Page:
Witty Worm Still Spreading

A new worm that exploits a hole in some of Internet Security Systems' intrusion protection products seems to be dying down after affecting thousands of IP addresses since Saturday.

The so-called Witty worm, affecting some versions of ISS' BlackIce and RealSecure intrusion protection products, is "highly malicious" because it slowly destroys the system it infects, according to an alert from Lurhq, a managed security provider. "Rather than simply executing a 'format C:' or similar destructive command, the worm slowly corrupts the file system while it continues to spread," Lurhq's alert says.

The spread of the worm appears to be slowing down Monday, says Joe Stewart, senior security researcher at Lurhq. "It was only a big deal for the people who had the ISS products' specific versions," Stewart adds. "It was not a threat for Windows users in general."

ISS estimates the worm infected about 12,000 IP addresses, although the exact number is difficult to determine, says Dan Ingevaldson, director of X-Force research and development at ISS. Early reports had the worm infecting up to 50,000 IP addresses, but Ingevaldson says ISS' scans didn't find evidence of the worm being that widespread.

"We saw a spike in the first days of the infection, and it's been going down since then," Ingevaldson says.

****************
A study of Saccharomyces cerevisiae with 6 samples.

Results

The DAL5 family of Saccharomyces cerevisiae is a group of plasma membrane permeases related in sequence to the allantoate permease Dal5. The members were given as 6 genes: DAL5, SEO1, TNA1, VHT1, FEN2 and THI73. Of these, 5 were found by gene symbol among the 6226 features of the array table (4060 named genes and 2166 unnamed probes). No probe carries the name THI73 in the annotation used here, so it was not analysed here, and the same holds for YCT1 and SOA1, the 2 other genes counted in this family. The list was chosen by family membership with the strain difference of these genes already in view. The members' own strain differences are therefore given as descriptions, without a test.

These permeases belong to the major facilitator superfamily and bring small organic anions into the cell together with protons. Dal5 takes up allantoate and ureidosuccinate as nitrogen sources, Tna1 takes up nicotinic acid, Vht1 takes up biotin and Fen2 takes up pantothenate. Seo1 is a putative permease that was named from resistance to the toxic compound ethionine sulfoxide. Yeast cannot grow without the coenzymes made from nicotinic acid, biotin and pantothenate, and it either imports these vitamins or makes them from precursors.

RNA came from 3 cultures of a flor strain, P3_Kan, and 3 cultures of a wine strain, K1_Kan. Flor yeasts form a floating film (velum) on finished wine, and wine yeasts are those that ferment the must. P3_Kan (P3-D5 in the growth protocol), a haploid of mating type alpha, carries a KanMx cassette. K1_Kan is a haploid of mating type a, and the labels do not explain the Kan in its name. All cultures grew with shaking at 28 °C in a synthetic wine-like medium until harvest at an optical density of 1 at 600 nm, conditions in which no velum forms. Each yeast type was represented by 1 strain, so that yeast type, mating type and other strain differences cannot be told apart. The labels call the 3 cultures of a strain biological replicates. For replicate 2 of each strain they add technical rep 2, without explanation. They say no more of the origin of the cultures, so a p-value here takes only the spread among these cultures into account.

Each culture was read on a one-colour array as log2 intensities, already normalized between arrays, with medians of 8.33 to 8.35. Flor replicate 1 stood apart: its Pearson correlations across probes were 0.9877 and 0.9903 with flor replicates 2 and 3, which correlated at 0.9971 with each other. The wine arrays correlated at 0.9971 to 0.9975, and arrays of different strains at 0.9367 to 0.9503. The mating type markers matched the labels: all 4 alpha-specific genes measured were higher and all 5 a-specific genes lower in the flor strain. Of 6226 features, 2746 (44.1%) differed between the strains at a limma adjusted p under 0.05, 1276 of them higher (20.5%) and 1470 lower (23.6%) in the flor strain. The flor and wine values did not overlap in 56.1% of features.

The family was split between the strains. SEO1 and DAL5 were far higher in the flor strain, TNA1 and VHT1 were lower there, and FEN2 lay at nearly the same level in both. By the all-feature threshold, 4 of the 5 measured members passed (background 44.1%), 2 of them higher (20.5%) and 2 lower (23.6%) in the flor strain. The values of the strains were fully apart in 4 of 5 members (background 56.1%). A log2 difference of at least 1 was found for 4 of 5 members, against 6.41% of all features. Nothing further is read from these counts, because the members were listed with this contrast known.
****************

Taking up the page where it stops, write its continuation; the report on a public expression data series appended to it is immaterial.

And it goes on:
Update Available

The worm, which exploited an ICQ parsing vulnerability, affected non-updated versions of ISS' BlackIce and RealSecure products. A complete list of affected versions is available at ISS' alert site. An ISS update that fixes the vulnerability has been available since March 9.

In addition to the maliciousness of the worm, its timing is also significant, Stewart says. A vulnerability alert for the ISS products was released on March 18, and the worm began spreading March 20. The writer of the worm either knew of the vulnerability before the announcement or wrote and tested the worm in less than two days, Stewart says.

"Usually, you have a week or two after the vulnerability was announced," Stewart says. "This was a substantial piece of work to be done in one day."

ISS counts about 1.6 million corporate installations of the BlackIce PC intrusion detection software, and that number doesn't include home installations. The worm illustrates the importance of running updated intrusion detection and firewall software, Ingevaldson says.

"Our customers know you have to apply the most recent updates," he says. "They know that for it to work, they need to have the most recent updates, and they would not be affected at all if they did."